A study showed that more than half of the American people believe that cancel culture is a threat to liberty.

Harvard CAPS/Harris Poll exclusively released the result of their survey to The Hill.

 64% of the participants responded that their freedom is being threatened with "a growing cancel culture" while the rest disagreed.

36% of the respondents stated that cancel culture is a "big problem," 32% believe that it is a "moderate problem," 20% said that it is just a "small problem" and 13% said that it is "not a problem."

54% of the participants were "concerned" that expressing their opinions online could result to being banned or fire, while the rest disagreed.

The findings are relative to the rise of cancel culture today. Merriam Webster defines it as "the practice or tendency of engaging in mass canceling as a way of expressing disapproval and exerting social pressure."

Among the latest casualties of this practice are Piers Morgan and Sharon Osbourne.

Morgan left Good Morning Britain after the program received thousands of comments on his statement over Meghan Markle. Osbourne, on the other hand, left "The Talk" after an explosive conversation with her co-hosts for defending Morgan.

On March 8, Morgan said that he did not believe everything that Markle said during her interview with Oprah Winfrey. His statement sparked an outrage, bringing in 41,000 comments. The next day, he had an on-air clash with Alex Beresford, who criticized him over his opinion about the duchess. Morgan walked off the set but returned in 10 minutes. That same day, ITV released a statement informing about Morgan's departure from the show, effective immediately.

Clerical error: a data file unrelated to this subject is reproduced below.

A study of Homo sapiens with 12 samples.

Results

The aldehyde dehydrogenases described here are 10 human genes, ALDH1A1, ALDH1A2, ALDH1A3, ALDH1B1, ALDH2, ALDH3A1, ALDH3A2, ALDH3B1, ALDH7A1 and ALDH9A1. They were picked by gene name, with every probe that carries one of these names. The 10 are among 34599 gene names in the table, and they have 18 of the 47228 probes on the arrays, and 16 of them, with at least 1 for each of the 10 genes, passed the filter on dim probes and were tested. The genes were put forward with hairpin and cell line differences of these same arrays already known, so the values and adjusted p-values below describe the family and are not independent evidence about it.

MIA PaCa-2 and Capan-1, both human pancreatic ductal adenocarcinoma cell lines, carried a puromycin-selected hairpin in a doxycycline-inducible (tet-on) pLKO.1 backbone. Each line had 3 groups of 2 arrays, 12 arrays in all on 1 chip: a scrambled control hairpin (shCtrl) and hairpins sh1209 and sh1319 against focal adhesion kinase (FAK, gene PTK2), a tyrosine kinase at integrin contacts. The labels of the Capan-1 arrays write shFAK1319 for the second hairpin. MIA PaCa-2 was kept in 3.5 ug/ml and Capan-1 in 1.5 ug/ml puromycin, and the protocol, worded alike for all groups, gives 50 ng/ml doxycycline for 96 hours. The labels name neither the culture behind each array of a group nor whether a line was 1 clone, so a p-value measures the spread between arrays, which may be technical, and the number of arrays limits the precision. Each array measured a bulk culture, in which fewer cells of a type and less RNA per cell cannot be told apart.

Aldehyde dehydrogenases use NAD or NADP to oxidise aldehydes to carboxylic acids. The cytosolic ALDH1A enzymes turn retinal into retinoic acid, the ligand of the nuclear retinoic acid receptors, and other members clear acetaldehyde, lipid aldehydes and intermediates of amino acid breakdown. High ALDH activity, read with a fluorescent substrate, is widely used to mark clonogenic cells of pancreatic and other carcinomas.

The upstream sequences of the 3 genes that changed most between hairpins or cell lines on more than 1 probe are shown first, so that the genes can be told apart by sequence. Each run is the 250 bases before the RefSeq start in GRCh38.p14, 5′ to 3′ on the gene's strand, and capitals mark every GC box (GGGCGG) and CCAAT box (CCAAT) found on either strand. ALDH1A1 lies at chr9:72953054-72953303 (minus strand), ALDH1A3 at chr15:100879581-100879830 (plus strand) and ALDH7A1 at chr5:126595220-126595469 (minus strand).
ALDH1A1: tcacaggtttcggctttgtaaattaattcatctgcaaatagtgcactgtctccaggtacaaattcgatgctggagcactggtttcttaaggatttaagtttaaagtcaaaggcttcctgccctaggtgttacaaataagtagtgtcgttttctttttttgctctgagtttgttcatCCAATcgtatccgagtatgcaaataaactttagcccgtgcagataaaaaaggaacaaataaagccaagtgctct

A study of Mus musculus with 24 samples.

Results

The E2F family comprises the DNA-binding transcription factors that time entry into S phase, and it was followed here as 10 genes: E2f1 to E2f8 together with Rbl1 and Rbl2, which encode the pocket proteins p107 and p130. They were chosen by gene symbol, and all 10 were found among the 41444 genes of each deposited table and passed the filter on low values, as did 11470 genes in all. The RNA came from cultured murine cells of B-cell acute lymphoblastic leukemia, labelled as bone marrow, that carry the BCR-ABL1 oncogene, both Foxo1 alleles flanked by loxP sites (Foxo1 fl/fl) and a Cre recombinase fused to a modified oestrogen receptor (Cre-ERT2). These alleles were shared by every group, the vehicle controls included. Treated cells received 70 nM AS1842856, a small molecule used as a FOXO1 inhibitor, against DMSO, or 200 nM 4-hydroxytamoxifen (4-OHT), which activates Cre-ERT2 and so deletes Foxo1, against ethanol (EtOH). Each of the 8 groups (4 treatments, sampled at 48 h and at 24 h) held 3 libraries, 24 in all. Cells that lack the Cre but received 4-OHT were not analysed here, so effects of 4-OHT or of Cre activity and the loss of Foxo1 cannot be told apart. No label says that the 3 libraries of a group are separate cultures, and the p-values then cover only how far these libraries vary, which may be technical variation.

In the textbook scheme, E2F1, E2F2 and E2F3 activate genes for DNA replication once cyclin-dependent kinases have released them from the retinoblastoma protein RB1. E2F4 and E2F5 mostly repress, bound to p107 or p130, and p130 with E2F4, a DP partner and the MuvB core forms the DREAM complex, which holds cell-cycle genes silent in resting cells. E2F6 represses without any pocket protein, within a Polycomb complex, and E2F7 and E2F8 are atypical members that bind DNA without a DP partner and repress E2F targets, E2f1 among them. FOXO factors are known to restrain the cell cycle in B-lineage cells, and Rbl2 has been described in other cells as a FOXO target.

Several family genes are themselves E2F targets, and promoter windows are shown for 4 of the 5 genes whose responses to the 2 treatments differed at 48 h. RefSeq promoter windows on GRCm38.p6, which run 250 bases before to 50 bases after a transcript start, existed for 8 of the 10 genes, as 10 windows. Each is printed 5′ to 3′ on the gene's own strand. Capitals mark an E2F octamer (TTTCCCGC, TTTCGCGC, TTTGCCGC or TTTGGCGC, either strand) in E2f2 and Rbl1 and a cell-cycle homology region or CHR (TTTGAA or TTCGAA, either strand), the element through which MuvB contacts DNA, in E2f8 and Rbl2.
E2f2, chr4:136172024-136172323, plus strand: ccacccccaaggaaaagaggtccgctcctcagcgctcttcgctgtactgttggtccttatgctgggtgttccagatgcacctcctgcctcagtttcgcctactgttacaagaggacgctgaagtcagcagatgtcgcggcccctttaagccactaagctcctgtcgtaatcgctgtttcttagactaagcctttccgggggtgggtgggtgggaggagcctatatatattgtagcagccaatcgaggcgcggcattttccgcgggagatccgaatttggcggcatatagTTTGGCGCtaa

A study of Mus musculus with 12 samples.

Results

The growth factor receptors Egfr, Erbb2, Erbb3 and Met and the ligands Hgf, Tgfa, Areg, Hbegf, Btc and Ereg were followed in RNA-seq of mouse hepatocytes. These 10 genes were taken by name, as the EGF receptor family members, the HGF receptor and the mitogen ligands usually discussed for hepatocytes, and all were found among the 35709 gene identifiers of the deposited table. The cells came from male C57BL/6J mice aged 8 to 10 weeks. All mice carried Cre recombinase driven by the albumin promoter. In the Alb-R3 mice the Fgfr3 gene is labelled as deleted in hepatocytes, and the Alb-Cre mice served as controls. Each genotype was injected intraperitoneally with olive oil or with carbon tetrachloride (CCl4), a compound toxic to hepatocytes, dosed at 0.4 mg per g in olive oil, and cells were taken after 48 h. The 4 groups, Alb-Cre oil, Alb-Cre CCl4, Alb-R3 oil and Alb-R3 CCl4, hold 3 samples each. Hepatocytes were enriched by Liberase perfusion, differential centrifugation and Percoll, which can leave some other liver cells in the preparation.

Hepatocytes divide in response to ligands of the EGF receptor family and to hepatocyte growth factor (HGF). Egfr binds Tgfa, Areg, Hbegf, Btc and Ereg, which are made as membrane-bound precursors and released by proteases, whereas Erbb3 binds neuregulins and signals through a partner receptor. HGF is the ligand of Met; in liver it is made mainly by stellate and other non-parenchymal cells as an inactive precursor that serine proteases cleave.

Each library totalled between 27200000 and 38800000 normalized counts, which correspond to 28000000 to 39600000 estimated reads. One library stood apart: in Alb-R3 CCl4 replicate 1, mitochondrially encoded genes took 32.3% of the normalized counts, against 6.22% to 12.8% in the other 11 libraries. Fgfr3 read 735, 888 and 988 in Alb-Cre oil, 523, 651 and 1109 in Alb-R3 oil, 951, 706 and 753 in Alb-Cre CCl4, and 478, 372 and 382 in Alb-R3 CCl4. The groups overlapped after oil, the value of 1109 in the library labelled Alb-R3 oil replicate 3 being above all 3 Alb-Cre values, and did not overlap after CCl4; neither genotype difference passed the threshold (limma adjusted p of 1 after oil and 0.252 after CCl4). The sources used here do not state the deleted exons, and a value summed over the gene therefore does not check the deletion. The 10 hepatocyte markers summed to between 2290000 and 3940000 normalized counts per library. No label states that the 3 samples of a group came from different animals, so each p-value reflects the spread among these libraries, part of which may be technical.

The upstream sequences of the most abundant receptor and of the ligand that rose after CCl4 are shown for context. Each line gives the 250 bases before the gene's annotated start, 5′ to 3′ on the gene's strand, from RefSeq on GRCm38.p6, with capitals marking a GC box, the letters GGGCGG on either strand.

His friend, Osbourne, defended him on Twitter, saying, "People forget that you're paid for your opinion and that you're just speaking your truth."

Then on March 10, her co-host Sheryl Underwood asked her about the statement, stating that Osbourne appeared to be validating Morgan's statement, describing his words as racist.

Osbourne replied that she felt like she was "about to be put in the electric chair" because she has "a friend who many people think is a racist". On March 12, CBS announced Osbourne's decision of leaving the program, adding that her behavior toward her co-hosts during the heated argument did not align with the company's "values for a respectful workplace."

Following the incidents, Morgan himself criticized the alarming effect of cancel culture and called for its eradication. He reportedly launched an attack on cancel culture in his article in the Daily Mail, stating that it is time to "cancel the cancel culture before it kills our culture."

Mark Penn, co-director of the study, was concerned by the findings.

"It is a chilling finding that most people in the country now are afraid they would be fired if they expressed their real views on social media," Penn said.

"The public generally gives negative ratings to social media companies and sees the movement as more about censorship rather than trying to correct wrongs. It is growing as a national issue," he further stated.

The survey was conducted on March 24-25, with 1,945 participants.